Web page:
CLOSE-UP: LIVE ISSUE/ACTORS IN ADS - Does it matter if the same actor appears in different ads? Jenny Watts reports

You don't think you know the actor Henry Miller, but you're almost

certainly wrong. If you've a keen eye for ads, then you're probably very

familiar with Miller's work. In fact, for the past few weeks it's been

hard to avoid him.



Recently, Miller has graced our screens in three different

campaigns.



He's the bagel-orderer in Abbott Mead Vickers BBDO's Yellow Pages spot,

the Ibiza-loving lad who feigns the loss of his passport in J. Walter

Thompson's Smirnoff Ice campaign, and he is also in St Luke's COI

Communications literacy gremlins work. So what is it about his face that

endears him to so many agencies?



Jeanette Scott, the agent at Crouch Associates, who represents Miller,

says: "There's a slight charming vulnerability about Henry, and people

like that. He always looks like he could have the same failings as the

rest of us."



He also possesses a crucial skill among actors - the ability to get on

with everyone. "Whenever he goes to the castings he charms them," Scott

says. "They want people to buy their product, and people trust him."



Adrian Harrison, the managing director of RSA Films, explains that many

actors are chosen for this very reason: "The successful ones are usually

very good in casting performances - they know how to present themselves

to the director better than anyone else."



Amanda Tabak, a casting director at Candid Casting, believes some actors

may not be the best in the business, but that doesn't matter. "The ones

who are repeatedly used in ads are consumer friendly - they have a

certain warmth and approachability that members of the public can relate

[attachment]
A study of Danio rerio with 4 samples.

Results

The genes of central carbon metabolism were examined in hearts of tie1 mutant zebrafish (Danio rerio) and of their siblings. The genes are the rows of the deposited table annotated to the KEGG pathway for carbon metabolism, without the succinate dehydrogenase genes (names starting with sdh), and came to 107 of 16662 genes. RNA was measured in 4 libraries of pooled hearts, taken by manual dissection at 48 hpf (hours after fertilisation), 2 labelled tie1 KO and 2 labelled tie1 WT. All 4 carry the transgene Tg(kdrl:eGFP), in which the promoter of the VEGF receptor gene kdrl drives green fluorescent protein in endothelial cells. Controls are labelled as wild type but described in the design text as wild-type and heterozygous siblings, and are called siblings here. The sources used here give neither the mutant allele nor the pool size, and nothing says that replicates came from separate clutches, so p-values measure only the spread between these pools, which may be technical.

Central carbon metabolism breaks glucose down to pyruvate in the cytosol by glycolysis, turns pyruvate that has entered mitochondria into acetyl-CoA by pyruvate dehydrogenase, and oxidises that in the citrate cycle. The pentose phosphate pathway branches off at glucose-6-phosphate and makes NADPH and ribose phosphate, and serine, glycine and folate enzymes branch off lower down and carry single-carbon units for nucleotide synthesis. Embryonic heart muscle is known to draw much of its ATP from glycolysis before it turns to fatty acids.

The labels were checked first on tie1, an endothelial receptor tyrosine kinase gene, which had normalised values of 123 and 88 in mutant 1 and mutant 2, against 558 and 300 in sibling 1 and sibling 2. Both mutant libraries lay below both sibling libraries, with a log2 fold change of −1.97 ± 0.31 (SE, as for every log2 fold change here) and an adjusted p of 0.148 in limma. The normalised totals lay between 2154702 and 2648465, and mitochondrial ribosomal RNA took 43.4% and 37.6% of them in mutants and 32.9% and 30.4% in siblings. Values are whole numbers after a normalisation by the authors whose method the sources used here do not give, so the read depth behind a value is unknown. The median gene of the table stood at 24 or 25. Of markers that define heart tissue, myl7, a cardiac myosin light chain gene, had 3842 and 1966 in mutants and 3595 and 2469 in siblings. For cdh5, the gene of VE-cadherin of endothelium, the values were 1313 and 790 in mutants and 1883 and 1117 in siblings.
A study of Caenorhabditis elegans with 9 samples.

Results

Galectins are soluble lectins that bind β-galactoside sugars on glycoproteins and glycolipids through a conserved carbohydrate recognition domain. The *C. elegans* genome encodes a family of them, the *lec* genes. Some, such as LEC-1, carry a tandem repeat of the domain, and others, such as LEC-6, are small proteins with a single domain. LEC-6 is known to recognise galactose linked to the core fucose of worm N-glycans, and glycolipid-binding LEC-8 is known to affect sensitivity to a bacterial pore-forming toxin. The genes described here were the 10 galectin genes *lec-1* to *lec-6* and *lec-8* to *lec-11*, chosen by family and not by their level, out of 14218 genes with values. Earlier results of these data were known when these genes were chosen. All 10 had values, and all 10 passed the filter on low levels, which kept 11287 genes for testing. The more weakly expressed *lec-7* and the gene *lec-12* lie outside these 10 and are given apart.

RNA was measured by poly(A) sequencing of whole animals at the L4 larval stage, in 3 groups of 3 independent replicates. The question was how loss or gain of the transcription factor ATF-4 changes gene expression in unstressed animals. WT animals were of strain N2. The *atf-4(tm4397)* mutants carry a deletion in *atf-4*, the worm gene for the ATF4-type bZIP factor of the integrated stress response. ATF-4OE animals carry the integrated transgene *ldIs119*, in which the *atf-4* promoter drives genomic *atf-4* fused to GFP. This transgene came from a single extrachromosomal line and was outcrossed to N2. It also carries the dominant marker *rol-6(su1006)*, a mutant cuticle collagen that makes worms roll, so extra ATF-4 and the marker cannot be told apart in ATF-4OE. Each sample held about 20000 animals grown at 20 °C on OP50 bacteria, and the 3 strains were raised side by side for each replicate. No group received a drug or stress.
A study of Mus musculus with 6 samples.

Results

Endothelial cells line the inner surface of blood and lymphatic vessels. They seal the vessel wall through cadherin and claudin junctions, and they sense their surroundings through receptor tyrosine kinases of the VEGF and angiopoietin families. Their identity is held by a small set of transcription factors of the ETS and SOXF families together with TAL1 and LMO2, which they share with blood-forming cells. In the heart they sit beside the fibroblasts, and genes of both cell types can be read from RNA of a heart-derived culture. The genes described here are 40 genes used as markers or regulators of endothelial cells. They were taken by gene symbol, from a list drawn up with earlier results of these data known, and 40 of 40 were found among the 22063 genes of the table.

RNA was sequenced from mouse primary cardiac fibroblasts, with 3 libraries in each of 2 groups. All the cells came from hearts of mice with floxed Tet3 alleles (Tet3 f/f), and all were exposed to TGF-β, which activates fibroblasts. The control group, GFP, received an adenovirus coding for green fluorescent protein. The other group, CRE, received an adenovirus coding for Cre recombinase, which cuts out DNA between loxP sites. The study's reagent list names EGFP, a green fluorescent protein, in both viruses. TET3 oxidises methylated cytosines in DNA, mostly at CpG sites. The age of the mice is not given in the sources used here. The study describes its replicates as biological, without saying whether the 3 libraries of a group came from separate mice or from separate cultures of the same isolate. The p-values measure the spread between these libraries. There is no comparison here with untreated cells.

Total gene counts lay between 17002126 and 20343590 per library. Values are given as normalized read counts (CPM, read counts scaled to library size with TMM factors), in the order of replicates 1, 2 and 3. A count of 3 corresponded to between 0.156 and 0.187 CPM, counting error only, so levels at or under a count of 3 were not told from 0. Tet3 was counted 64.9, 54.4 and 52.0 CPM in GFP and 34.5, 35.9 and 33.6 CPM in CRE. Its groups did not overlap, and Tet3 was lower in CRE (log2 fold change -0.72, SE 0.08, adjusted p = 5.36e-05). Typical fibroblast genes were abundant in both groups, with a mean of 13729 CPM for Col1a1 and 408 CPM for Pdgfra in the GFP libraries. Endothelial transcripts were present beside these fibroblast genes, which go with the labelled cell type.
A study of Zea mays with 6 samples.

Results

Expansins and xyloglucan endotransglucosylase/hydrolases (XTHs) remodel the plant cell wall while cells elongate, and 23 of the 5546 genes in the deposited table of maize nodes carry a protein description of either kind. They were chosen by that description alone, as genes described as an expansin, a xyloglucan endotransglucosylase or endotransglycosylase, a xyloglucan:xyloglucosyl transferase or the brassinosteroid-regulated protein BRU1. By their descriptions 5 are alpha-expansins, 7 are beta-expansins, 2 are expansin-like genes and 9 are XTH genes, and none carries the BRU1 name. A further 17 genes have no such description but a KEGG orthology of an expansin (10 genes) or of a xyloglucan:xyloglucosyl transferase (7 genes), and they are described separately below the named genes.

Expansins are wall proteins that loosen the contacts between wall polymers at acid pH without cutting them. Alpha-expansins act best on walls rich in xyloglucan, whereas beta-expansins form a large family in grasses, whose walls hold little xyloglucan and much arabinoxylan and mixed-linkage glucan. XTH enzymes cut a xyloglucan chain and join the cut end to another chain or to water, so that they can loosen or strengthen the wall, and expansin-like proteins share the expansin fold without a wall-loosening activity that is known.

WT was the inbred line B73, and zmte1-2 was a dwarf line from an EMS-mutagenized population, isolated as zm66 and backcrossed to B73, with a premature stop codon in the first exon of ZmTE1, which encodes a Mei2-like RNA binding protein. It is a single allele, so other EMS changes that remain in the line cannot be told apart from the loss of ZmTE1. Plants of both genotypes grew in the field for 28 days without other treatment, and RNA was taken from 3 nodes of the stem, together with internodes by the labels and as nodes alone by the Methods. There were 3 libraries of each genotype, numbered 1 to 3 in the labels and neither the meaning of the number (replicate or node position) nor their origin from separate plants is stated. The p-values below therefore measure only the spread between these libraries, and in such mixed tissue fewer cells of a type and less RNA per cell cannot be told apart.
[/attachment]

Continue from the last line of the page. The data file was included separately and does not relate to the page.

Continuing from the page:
to," she says.



But isn't a recurring face detrimental to autonomous advertisers?

Harrison thinks not. "Each ad is such a one-off," he says - a view

echoed by Miller himself.



"They pay a certain amount of attention to the fact you're on air

simultaneously," Miller says, adding that it has never been a hindrance

for him.



To prevent any conflict problems from the outset, an actor is obliged to

fill out a casting declaration form of ads done in the past three

years.



So, theoretically, agency producers go into the process with their eyes

open. It seems, however, that some actors can be economical with the

truth.



"You're relying on them to tell you what they've done," Sue Lee-Stern,

the head of TV at Euro RSCG Wnek Gosper, says.



And while some might argue that seeing an increasingly familiar face

could confuse brand association, and weaken effectiveness, it seems that

some agencies don't mind when actors have been in other ads - especially

if the part they've played has not been significant.



"Most of the time it's pure coincidence that they appear three at a

time," Harrison says.



Whether it's by fluke or design, it seems clear that agencies don't mind

their performers spending airtime on other products - provided they're

not direct competitors. And until Miller breaks into a TV sitcom, and

becomes too loaded with associations for advertisers to stomach, we can

look forward to him lighting up our ad breaks for a while to come.